Jon Ciesla wrote:
Hi.  I'm an unsponsored, aspiring Extras contributor and author of
Yumdiff, a tool to help quickly determine and resolve differences in the
software installed on two Fedora machines.  I submitted a review request,
https://bugzilla.redhat.com/bugzilla/show_bug.cgi?id=206478, and after the
initial round of corrections to my packaging, there have been suggestions
made concerning Yumdiff's functionality.  I've refined Yumdiff somewhat in
response to this, and the suggestion was made to solicit feedback from the
Extras and Yum communities with regard to Yumdiff's potential niche in the
greater ecosystem.

My primary questions are these:

1. Yumdiff scratched my itch, namely to quickly compare machines to
achieve software parity.  It was born in a data center composed of
machines that change roles on a semi-regular basis.  Does it scratch
anyone else's itch?
Yes, often, I will want to move the complete configuration from one machine to another, before "putting down" the old machine. I had been thinking recently how I could script this to save time. The machines are performing server roles with a reduced set of packages.

While kickstart capability is great, I have not tended to customize a new kickstart file for every different machine. I just use kickstart/network install to get the machine to a known state before removing unneeded packages.

2. If this is a useful itch to have scratched, is Yumdiff the best way to
scratch it?

2a. Might this functionality be better included in Yum?
I would think not.
Is there a security risk in allowing a tool to make connections to other machines where you have to provide the remote password ?

3. If 1==yes, 2==yes and 2a==no, are there any other features that should
be included in Yumdiff?

I'm contemplating/playing around with a feature that would use screen on
the local machine to allow remotely updating multiple machines to match
the local machine,
I think this would be the most useful capability. Given a remote known, working machine to mirror the package installation of:
- check connect ability
- get /etc/fedora-release to check distro + version {might want to ignore - any rpm distro might be reasonable, but would need a warning of not same dist/release}
- get it's list of packages and versions.
- yum check-update of remote so can inform user if remote machine is not up2date. - yum update {perhaps optionally, but it is generally difficult to install old fedora packages - ie if a remote machine had not been updated recently - the old package files disappear from most mirrors.
- yum install {is this OK ? Y } any packages not on the remote
- yum remove {is this OK ? } any packages that aren't on the remote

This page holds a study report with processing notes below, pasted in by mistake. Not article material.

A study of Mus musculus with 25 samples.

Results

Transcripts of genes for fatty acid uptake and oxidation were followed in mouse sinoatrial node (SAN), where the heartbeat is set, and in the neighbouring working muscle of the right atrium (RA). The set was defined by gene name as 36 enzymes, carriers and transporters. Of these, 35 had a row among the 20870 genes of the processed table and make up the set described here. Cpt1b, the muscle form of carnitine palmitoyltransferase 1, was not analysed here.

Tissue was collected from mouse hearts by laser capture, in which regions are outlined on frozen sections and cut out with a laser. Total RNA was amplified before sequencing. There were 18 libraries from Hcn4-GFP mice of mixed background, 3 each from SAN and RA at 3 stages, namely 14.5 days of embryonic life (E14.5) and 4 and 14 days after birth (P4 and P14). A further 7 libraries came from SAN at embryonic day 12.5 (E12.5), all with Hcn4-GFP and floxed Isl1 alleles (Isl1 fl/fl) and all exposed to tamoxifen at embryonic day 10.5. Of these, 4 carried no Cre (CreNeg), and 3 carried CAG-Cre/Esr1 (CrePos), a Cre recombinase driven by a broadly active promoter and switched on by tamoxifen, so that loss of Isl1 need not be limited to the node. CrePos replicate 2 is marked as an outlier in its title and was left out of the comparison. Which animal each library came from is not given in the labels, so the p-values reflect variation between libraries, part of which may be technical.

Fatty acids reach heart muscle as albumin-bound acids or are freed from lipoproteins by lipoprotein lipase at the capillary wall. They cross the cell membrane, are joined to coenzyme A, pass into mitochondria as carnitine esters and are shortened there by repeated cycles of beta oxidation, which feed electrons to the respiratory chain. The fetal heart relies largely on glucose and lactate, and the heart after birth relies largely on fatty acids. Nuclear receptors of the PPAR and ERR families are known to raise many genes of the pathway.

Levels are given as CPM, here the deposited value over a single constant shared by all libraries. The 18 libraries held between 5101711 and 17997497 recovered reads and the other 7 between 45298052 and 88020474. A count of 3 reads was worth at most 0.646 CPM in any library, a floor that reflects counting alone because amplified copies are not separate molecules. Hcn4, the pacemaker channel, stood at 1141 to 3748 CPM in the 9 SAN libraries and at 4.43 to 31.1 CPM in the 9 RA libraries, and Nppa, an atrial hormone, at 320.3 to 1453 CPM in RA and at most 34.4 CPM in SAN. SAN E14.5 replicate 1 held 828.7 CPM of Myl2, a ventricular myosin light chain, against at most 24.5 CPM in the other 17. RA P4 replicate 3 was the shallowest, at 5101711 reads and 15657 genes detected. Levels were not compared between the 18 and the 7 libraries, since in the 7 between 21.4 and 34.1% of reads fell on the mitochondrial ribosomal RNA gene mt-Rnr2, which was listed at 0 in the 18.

- if no {would you like to remove packages one at a time ? - etc }
- give a final result comparison of the continued differences

Perhaps a name like:
yum-mirror-remote-packages would be clearer (for such a capability).

as well as a "supercompare" mode which would allow
updating the local machine to include a superset of the packages on
multiple remote machines.  Are these attractive, or would they be a step
toward feature bloat?
I would have only one use for such a feature - my internal yum repository. All other internal machines can be yum configured to only get files from this machine, so that there is no way to {automatically} install packages if they are not on the internal yum repo.

But to get the internal yum repo to have all the packages that the differing servers use is currently manual download; such a tool would be nice.

I'm open to any and all suggestions, and am looking forward to a frank
dialog with all interested parties.
Would you be able to put the raw scripts or a tar.gz on your web site, rather than in the package, so that we can more easily take a look at the underlying code ? {by the way, the .spec url must include a source line like:
Source0:	http://serverhost.my/~mine/%{name}-%{version}.tar.gz
that actually works, there is no harm in doing this while developing.

It would also make sense to version the code starting at 0.1, moving to 0.1.1 etc. 1.0 suggests a certain amount of community testing and quality {this will work anywhere, and there is no known crashes etc}, documentation is good etc.

Also, being able to to the diff against a local file that provides the remote file list would be good {ie if the remote machine is dead, you could still use the tool to build a {near} identical {packages} machine.